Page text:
The Garden, as residents call it, isn’t just a town, it’s a mountain valley (the highest mountain valley in Virginia at about 3,000 feet or 915 m above sea level) surrounded by one very large mountain. How does a valley get surrounded by one mountain? According to geologists, the mountain, mostly composed of limestone with a sandstone cap, was once 6,500 feet (1,981 m) tall. Over time, the center of the sandstone cap eroded, exposing the softer, underlying limestone to the weather. Then, as the limestone eroded, the mountain basically collapsed. The softer rock formed the valley, while the edges of the cap formed ridges.
It doesn’t sound like a huge deal until you see it from above, as shown in this aerial photo from Lost World Ranch (located in Burke’s Garden, the ranch raises Bactrian Camels and Llamas). The ranch has an interesting history piece on the Garden if you’re interested.
There’s also a good article from Virginia Living on Burke’s Garden, which reads…
…Burke’s Garden is a beautiful land that, to a certain degree, time forgot. The place is completely off the grid of modern life: There is no newspaper delivery in the town, and no cable television; no stoplights and no working post office. And no cell phone service. Many of the residents are retired, a few of them farm, and lots drive out to work in nearby towns, constantly challenged by often-sketchy road conditions leading in and out of Burke’s Garden.
Not only did they have my new favorite LOVEwork, there were also quite a few barn quilts, interesting road signs, and plenty of beautiful scenery.
Here are my favorite captures from the Garden.
We happened upon that little gal, who didn’t want to give up the road. We followed her slowly as she trotted along, finally exiting to the left after rounding that far bend in the background.
When I mapped the route, which Hubby later put into his GPS, I had intended for us to enter the valley from the north and exit on a very curvy road to the south. The GPS software apparently didn’t like that idea, and made us turn left, looping around the Burke’s Garden valley instead. It was a lucky detour that gave us the opportunity to see more of the lovely place. But I wanted to take the curvy route out of the valley.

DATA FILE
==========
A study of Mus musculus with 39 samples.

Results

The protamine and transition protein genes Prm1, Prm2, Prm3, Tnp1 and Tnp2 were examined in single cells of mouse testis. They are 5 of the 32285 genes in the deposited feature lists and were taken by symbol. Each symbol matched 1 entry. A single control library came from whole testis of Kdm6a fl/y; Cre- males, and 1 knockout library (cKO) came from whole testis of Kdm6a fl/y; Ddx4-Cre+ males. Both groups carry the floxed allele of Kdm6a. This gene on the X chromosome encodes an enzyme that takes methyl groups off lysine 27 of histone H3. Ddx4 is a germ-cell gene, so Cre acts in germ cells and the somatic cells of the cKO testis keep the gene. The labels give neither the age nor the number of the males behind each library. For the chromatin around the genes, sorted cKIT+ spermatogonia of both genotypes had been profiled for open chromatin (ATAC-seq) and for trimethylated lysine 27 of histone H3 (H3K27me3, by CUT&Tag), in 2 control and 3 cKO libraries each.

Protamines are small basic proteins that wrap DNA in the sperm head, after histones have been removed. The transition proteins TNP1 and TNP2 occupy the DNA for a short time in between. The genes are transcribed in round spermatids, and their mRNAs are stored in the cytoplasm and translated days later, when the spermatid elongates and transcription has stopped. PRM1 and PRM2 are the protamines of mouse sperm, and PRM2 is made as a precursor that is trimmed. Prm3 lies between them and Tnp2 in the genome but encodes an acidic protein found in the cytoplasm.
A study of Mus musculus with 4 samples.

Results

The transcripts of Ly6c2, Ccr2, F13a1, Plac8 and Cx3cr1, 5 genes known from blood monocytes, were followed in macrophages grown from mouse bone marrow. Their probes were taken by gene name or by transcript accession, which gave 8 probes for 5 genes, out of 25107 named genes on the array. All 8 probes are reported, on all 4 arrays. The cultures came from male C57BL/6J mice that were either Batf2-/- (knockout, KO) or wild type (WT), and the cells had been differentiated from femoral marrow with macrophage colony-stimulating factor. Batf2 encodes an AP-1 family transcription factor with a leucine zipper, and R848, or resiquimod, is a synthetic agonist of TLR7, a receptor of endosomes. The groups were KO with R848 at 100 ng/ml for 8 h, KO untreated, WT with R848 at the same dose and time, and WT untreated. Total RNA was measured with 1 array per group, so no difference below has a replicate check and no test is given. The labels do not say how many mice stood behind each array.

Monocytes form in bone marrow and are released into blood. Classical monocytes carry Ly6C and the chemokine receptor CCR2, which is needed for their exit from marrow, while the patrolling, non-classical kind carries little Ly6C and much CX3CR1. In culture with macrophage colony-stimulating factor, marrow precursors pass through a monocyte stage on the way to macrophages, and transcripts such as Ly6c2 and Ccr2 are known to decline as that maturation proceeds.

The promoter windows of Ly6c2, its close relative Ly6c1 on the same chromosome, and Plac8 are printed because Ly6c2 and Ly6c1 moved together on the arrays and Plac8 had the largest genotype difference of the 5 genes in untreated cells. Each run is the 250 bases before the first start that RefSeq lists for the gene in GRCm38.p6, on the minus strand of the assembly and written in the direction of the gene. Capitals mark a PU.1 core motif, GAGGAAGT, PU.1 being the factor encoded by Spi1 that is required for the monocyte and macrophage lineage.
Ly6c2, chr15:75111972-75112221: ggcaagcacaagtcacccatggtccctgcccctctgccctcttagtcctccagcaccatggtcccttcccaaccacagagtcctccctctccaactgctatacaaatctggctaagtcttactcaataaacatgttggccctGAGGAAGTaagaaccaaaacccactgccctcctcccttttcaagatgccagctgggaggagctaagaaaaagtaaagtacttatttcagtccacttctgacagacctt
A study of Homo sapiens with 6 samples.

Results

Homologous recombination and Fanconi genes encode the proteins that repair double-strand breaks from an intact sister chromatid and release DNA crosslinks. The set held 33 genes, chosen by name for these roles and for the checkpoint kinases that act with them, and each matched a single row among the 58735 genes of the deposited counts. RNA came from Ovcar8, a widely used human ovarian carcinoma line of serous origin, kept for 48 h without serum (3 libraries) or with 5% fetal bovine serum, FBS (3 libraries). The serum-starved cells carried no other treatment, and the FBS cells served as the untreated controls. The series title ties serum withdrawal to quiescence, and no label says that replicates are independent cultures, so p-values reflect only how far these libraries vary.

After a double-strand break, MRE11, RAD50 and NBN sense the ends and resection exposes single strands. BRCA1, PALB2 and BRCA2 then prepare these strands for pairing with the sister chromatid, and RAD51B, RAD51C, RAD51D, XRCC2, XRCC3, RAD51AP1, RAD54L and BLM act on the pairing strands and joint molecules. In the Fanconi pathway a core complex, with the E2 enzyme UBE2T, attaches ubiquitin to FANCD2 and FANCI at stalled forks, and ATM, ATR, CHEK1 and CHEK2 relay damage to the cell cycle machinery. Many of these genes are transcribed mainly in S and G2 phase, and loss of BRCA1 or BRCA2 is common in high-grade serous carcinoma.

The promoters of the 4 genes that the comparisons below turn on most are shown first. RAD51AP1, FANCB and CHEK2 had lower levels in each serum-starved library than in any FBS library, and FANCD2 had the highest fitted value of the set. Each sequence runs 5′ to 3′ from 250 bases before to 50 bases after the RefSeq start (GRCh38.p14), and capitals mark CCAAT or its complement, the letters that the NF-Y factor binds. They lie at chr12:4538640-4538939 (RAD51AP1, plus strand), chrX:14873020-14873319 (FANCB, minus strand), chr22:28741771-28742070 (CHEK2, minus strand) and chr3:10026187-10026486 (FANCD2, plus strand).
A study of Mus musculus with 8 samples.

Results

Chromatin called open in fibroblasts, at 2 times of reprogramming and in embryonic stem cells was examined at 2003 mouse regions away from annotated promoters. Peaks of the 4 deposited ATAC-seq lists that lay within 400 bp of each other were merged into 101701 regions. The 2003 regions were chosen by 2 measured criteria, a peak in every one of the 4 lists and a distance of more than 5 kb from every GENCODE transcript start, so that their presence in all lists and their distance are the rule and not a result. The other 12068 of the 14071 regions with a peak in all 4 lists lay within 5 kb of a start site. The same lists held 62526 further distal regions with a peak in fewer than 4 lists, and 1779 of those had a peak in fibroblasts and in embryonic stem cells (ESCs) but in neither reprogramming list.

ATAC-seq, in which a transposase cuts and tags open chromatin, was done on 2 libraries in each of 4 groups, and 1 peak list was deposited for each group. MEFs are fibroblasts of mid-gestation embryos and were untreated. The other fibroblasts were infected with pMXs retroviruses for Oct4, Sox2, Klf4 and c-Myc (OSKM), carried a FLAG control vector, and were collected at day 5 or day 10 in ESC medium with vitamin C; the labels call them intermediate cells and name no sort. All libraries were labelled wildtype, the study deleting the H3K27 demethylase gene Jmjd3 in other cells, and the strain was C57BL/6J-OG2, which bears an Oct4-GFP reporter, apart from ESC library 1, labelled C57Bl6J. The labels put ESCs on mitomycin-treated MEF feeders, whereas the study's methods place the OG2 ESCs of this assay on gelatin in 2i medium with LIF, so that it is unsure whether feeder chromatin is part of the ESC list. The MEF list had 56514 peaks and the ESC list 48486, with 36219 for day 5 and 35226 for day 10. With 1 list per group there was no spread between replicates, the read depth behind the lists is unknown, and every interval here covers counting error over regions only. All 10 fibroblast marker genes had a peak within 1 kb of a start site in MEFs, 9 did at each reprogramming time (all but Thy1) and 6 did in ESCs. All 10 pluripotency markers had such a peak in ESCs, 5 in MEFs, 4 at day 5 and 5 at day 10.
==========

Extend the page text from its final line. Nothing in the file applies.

Burke’s Garden isn’t an easy place to reach. The route into the valley from the north is the only paved road. Hubby had apparently had the mapping software set to avoid gravel roads when he entered the route.
Google Maps doesn’t like the curvy gravel road either. It wanted to send me along the loop shown.
Yes, the road was as narrow, steep, and curvy as it looks.
Hubby and I were divided on whether or not we’d want to revisit the road in the Spring. I’d love to see the rhododendron in bloom, but that’s definitely NOT a road for his big Victory. There are quite a few very tight turns and even a few hairpins, all very narrow.
If any of you would like to visit Burke’s Garden, I recommend driving in from the north. The southern portion can be treacherous during Winter, with icy patches lingering into late Spring. Followed by mud. It took us about an hour to cover the 10 or so miles (~16 km) of gravel road, not because conditions were bad, but because we were enjoying the scenery. 🙂
It’s definitely a nice place to visit and is well worth the trip if you like pretty scenery. And especially if you like barn quilts.